Sparta, Ky. — Martin Truex Jr. boldly declared his Toyota the best car he had ever raced, and several statistics make it hard to dispute him.

There also was plenty of visual evidence of how close to perfect his Saturday night went.

Truex was dominant throughout and had enough left on a final restart to win the NASCAR Monster Energy Series Cup race night at Kentucky Speedway.

“It was very big to do what we did tonight,” Truex said. “I can never recall saving fuel and pulling away from everybody before, so it was pretty amazing.”

Second in points entering the 400-mile event, Truex started second beside Kyle Busch and won the first two stages. Truex led the final segment by as many as 15 seconds before a final caution created overtime and bunched the field together.

That made no difference as Truex flew past Busch on the restart and went on to his third victory of the season and 10th of his career. He led five times for 152 of 274 laps and swept all three stages in the No. 78 Toyota to earn 60 points draw within one of standings leader Kyle Larson, who finished second in a Chevy.

Truex’s dominant performance wasn’t the only reason he was smiling. He was eager to get back and bring his girlfriend, Sherry Pollex, home after a medical procedure. Pollex has battled ovarian cancer that had been in remission.

“Everything went perfectly good, went as planned,” he said “I’m bringing her home tomorrow, so I’m excited to see her and everything’s going great. She was pretty excited.”

Chase Elliott was third in a Chevy, followed by Denny Hamlin and Busch in Toyotas. Busch led 112 laps, but fell short of his third Kentucky victory.

Then again, Truex wasn’t inclined to let anyone get close in earning his first Kentucky triumph.

Pole winner Busch pounced right away and led the first 66 laps but often had Truex close by in the battle of Toyotas. Truex twice found the speed to make timely passes and ultimately took the first two stages, but he saved his best for the last segment.

Running seventh as the third stage began, Truex was back in front within several laps and merely got stronger as he went along. He had a 13-second lead with about 55 laps remaining and was running all alone before Kurt Busch blew an engine with two laps left to create extra time.

It didn’t matter.

Truex’s dominance stole the spotlight from Kyle Busch, who won the Xfinity Series race earlier Saturday and for a while appeared headed toward NASCAR’s first same-day sweep of the two series. But Kentucky’s most dominant driver — nor anybody — else could touch Truex.

Larson’s finish was impressive considering he started 40th after failing inspection on Friday. He soon was among the contenders before being penalized for speeding on pit road, overcoming that setback to pass Kyle Busch after the final restart.

“We were second best, but he’s in a whole new league right now,” Larson said, giving a nod to Truex.

Dale Earnhardt Jr. led three laps and finished 12th, one spot higher than he started in his final Kentucky start.

An uneventful first stage was quickly followed by several wrecks that knocked out some notable drivers, including defending race winner Brad Keselowski (Rochester Hills).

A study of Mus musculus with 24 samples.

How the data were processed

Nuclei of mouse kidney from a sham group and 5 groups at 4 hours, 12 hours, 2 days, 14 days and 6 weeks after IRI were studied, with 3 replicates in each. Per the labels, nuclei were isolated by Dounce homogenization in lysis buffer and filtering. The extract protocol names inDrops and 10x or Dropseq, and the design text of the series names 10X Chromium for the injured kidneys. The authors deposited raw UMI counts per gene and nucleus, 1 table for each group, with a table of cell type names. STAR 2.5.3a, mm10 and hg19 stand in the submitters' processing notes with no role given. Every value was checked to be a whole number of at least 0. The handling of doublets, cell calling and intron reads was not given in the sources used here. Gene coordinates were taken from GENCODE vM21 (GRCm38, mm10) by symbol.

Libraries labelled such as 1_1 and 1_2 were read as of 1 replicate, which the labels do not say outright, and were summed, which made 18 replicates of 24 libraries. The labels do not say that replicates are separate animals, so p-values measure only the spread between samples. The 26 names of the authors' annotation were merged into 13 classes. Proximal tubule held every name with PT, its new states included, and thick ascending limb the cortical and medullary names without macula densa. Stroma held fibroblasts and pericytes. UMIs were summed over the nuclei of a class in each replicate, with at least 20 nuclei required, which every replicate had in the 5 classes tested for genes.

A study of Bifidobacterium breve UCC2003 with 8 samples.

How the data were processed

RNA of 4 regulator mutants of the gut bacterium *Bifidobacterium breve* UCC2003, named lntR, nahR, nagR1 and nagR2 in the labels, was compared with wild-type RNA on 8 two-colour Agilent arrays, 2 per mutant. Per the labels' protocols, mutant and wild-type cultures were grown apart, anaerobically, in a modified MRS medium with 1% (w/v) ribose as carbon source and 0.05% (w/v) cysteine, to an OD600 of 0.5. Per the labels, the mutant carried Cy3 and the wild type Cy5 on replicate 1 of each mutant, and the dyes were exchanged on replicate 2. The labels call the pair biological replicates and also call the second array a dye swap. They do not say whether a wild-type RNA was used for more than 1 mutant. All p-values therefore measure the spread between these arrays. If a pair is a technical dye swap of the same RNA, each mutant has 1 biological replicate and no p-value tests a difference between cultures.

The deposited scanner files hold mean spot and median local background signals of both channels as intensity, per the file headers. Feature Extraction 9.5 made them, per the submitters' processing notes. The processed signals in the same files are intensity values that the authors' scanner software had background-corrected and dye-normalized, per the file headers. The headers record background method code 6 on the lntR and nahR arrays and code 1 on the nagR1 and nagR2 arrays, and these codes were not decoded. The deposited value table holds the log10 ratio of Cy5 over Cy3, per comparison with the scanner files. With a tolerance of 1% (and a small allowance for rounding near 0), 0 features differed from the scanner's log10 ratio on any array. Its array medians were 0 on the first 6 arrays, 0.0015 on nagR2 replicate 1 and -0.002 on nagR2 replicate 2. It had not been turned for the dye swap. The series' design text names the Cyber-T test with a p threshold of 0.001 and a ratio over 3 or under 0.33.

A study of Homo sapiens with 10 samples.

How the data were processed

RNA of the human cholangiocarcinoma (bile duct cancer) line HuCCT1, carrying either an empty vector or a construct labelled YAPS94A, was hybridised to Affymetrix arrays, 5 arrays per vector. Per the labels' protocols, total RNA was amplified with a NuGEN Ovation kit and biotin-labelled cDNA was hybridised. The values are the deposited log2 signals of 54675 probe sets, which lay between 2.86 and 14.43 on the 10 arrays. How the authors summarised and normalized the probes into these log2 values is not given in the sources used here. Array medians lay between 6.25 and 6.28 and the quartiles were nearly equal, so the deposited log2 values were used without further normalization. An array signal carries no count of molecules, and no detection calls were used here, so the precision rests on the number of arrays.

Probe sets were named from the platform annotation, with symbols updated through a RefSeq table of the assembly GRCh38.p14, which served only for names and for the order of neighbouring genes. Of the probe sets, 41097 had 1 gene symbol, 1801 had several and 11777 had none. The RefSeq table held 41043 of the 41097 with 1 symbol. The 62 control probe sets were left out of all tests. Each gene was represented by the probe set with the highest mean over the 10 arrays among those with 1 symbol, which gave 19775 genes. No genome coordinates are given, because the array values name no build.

Keselowski’s No. 2 Ford got sideways and made contact with Clint Bowyer before collecting Jimmy Johnson. Bowyer returned but Johnson and Keselowski were done with heavy damage.

“I knew I was in a bad spot,” said Keselowski, who started 10th and sought his fourth Kentucky win. “I think I tore up two or three others guys and that sucks for them.”

Soon after, Kasey Kahne was done after colliding with Trevor Bayne, who eventually went to the garage after another spin.

Kyle Busch wins Xfinity race

Kyle Busch took the lead during a late caution on lap 168 and held on to win the 300-mile NASCAR Xfinity Series race at Kentucky Speedway. The race had been postponed a day earlier because of storms, creating a 700-mile doubleheader for Busch and several other Cup drivers.

Starting the first of two races on the pole, Busch led three times for 70 laps to earn his second straight series victory at Kentucky and third overall on the 1.5-mile oval. Though less dominant than last July’s triumph from the pole in which he led 185 laps, Busch’s strong car and wise pit strategy yielded a familiar result.

Pitting earlier for tires and fuel paid off for Busch, who stayed on the track during the final yellow flag. There was no catching his No. 18 Toyota after the restart, though Ryan Blaney tried his best on the final lap after passing Erik Jones (Byron, Mich.) in his Toyota for second.

“We did what we needed to do to be there at the end,” Busch said. “We took four tires and that kind of got us behind there with two pit stops to go, and then some of those guys came in again. Obviously, our car was really fast out front and once I got in clean air I didn’t think anybody had anything for us.”

Blaney’s Ford finished 1.097 seconds behind, a strong recovery after he was penalized for a pit road tire violation during the caution.

Kevin Harvick was fourth in a Ford, with Ty Dillon fifth in a Chevy.

Power wins IndyCar pole

Will Power won the pole for Sunday’s IndyCar race at Iowa Speedway. This is his fourth pole of the season.

Power was fastest in single-car, two-lap runs on the oval. J.R. Hildebrand qualified second, followed by Helio Castroneves, Ed Carpenter and Indianapolis 500 winner Takuma Sato.

Series leader Scott Dixon will start 17th after a disappointing qualifying run on the oval of just under nine-tenths of a mile.

Power has already won twice this season. He will try to give Team Penske its first win in Iowa in 11 tries.